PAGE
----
The body that police believe belongs to missing Louisiana student Mickey Shunick was excavated from a remote wooded area along with some clothing and jewelry.
"Right now, the body is in the hands of the coroner's office and forensic experts," Cpl. Paul Mouton of the Lafayette Police Department told ABCNews.com today. "We feel very strongly that this is Mickey Shunick. We just can't say with 100 percent certainty that it is, in fact, hers."
Mouton said it could take "a day or two" before the body can be positively identified. The body was found in a remote wooded area near a cemetary, about 45 miles from where Shunick disappeared.
"There were some things such as clothing and jewelry that were removed from the site," Mouton said. The site has been fully excavated and the crime scene has already been released, he said.
Mouton said that Shunick's family has not seen the remains or the items that were found, but that police are in "constant contact" with the family.
Shunick, 22, was a senior at the University of Louisiana at Lafayette when she vanished on May 19. She was last seen about 2 a.m. riding her bike from the home of her friend Brettly Wilson.
Brandon Scott Lavergne, a registered sex offender, was arrested and charged with Shunick's murder and aggravated kidnapping last month.
Mouton said authorities were directed to the body on a tip, but did not specify where the very detailed tip came from.
"We received credible information as far as where she could be located, off Route 10 in Evangeline Parish," Mouton said. "It was confirmed there was an area where a body was buried off the roadway and beyond a cemetery."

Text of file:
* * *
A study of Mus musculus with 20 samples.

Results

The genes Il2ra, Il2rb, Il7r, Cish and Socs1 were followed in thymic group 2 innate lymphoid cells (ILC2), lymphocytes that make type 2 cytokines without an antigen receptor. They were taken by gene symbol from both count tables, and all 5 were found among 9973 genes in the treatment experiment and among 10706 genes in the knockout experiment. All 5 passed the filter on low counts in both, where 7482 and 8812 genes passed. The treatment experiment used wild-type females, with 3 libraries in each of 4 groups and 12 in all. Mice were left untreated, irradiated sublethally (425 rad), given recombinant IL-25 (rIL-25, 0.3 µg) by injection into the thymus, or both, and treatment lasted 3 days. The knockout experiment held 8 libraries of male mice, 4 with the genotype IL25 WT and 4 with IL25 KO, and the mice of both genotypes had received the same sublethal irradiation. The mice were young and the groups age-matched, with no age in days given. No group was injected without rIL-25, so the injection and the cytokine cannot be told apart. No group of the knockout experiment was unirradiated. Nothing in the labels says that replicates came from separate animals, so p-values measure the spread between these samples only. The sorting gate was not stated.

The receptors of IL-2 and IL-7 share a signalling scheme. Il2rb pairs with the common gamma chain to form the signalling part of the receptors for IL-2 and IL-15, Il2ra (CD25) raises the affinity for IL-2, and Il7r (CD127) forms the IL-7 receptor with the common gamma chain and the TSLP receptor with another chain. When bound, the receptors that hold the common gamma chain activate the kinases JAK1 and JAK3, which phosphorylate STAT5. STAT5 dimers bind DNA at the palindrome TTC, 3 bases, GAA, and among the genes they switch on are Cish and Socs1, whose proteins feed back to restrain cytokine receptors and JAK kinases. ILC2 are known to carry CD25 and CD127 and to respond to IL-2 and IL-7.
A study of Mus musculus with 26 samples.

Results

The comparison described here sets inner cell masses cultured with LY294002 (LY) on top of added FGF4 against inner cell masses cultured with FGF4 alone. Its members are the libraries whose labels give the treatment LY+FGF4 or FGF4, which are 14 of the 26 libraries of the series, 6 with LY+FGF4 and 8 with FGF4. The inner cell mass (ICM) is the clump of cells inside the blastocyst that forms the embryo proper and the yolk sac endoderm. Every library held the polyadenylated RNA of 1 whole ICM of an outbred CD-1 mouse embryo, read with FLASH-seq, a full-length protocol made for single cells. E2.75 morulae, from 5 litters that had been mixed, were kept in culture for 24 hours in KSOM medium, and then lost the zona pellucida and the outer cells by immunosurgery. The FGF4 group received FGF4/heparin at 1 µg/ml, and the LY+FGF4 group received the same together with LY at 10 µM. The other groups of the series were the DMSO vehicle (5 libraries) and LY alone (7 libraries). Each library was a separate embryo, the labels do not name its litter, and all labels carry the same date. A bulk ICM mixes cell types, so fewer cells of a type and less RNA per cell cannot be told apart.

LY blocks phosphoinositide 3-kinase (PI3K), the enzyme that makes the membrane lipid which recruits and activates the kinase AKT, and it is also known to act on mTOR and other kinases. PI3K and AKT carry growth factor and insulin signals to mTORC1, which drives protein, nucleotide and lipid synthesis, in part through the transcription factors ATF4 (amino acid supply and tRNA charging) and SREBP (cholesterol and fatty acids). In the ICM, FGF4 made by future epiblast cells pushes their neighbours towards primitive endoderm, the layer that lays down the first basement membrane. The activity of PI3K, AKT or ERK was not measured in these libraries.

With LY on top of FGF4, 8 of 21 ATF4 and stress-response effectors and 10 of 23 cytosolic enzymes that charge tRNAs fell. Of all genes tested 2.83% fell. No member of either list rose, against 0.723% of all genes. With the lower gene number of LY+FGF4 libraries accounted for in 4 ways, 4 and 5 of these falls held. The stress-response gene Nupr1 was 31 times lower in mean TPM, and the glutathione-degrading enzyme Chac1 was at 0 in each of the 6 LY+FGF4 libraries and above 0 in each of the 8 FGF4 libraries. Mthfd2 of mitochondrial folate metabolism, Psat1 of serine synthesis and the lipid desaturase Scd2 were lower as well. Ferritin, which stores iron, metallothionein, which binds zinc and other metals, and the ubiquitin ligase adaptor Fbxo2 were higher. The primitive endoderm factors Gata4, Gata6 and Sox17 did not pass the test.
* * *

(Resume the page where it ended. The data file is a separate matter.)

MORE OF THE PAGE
"It was credible information from a credible source," he said, but could not comment further on the tipster.
Mouton said police followed a private road past a small cemetery of about 30 headstones and into a wooded area to the spot where the body was buried.
Shunick's family released a statement Tuesday night saying it is aware of what the police have found and family members are awaiting positive identification.
"It has been, and still is, a long journey in the search to find Mickey, so we truly feel that they deserve some time alone until they are ready to respond to the current rumor," the family's statement said.
The first clue to solving Shunick's disappearance came when her bike was found beneath a bridge at Whiskey Bay on the Atchafalaya River. The location of the bike was more than 25 miles from where she was last seen.
Soon after Shunick's disappearance, police released a surveillance video showing her on a bicycle the night she disappeared as well as of a white pickup truck.
Lafayette Chief of Police Jim Craft said the video led detectives to identify the truck as belonging to Lavergne, and to place Lavergne in the area on May 19.
Police said the rear rim of her bicycle was consistent with being struck by a vehicle from behind.
"Based on the info we have, and the vehicle seen in the area, [we believe] he was riding around, looking for someone to victimize," Craft said at the time of Lavergne's arrest.